Health care reform in the guise of the Patient Protection and Affordable Care Act (PPACA) came to us with many new benefits. In order to pay for those benefits, the government had two options -- cut costs or raise revenue (spelled T-A-X). Here we talk about one of those new taxes.
Beginning January 1, 2013, high earners will be required to pay additional HI (Medicare) taxes under the FICA program. The additional tax is 0.9% of compensation in excess of $200,000 for individual filers or $250,000 for couples filing jointly. The employer portion of FICA will not increase.
First, this is going to need to be administered differently from traditional FICA taxes which generally are paid through payroll deduction. Here, your employer has no obligation to know how you file (in fact, you don't need to decide until you actually file), and your employer has neither the obligation nor the right to know your spouse's income. So, presumably, higher earners will simply have an additional tax tacked on to their Form 1040.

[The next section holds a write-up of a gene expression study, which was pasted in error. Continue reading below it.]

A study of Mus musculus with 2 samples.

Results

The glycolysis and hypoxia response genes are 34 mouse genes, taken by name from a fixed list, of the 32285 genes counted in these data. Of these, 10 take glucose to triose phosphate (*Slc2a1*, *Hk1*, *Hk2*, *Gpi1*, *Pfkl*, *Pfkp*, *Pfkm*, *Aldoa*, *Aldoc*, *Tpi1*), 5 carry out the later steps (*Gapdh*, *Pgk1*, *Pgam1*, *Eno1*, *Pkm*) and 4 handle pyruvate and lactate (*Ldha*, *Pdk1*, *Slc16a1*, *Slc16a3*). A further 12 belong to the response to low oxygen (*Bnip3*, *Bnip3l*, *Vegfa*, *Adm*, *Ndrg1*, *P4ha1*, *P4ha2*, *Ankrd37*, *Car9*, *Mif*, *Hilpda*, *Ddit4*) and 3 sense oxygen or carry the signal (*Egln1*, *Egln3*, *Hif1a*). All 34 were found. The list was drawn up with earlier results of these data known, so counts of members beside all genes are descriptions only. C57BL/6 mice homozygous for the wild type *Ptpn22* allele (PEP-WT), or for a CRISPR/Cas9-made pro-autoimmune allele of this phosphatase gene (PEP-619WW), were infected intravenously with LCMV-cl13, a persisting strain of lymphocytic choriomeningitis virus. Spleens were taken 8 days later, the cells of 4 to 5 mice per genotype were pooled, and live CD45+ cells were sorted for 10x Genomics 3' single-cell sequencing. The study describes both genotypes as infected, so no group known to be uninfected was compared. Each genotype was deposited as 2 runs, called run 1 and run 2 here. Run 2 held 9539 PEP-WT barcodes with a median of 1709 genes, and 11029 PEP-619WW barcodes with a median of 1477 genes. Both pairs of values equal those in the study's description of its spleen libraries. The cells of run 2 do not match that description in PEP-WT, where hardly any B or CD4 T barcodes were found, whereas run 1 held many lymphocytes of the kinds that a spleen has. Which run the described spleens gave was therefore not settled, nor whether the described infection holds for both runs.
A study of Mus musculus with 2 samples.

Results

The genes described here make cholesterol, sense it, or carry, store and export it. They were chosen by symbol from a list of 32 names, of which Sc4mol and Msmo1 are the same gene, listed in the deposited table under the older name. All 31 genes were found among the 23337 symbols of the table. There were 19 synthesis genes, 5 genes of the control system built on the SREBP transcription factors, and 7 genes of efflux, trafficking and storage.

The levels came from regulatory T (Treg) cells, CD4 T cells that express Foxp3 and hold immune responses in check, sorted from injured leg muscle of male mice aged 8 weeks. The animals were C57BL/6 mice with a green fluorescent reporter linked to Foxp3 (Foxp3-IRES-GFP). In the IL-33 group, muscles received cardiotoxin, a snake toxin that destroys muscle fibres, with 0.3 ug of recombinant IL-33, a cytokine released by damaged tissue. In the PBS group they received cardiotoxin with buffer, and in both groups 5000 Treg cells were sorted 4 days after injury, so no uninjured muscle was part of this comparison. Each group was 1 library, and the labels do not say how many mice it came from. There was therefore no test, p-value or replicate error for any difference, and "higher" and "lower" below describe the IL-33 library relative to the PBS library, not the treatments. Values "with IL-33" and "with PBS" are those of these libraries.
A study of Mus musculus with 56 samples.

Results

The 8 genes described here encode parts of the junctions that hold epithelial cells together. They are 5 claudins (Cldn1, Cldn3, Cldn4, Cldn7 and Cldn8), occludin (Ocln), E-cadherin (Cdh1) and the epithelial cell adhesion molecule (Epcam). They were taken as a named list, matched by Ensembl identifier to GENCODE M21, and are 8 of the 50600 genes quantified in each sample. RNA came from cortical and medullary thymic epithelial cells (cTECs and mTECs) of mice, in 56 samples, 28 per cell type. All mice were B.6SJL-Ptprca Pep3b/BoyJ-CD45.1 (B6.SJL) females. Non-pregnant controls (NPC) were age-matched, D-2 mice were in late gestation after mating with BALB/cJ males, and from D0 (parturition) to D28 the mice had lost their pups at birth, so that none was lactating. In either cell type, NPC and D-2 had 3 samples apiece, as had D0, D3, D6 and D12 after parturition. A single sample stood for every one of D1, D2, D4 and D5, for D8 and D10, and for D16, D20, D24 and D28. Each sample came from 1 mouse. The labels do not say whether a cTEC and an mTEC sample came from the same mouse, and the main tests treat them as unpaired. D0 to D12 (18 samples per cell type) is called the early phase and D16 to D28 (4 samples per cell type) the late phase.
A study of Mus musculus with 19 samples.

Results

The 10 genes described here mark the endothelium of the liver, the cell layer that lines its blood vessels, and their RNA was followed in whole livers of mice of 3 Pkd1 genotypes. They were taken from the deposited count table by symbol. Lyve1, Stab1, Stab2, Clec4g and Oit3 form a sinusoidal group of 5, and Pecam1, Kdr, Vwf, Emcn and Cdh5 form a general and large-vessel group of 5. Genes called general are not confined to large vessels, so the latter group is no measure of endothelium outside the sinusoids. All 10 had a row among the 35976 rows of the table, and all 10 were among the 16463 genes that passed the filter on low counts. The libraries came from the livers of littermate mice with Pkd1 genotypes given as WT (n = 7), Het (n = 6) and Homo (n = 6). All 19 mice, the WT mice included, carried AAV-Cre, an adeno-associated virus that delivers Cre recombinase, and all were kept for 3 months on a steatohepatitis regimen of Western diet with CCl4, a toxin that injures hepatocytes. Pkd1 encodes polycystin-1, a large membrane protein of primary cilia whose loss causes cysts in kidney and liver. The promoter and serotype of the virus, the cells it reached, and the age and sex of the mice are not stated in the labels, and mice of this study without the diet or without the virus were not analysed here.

Think about this. What are FICA wages. Generally, they are compensation first vested and reasonably ascertainable in a year. For most deferred compensation plans, the amount of compensation that has been deferred is reasonably ascertainable. However, for plans such as defined benefit SERPs or for certain stock plans, this may not be the case. Regulations under Code Section 3121(v) allow taxpayers to early include such deferred compensation. In the case of individuals with significant SERP benefits in particular, they may want to discuss the possibility of early inclusion with their employers. While the tax hit for 2012 could be meaningful, it may lessen the long-term blow.
On the other hand, we don't yet know the outcome of the 2012 presidential election. Mitt Romney has pledged to repeal PPACA if elected. Its repeal would eliminate this tax.
Planning isn't as easy as it used to be.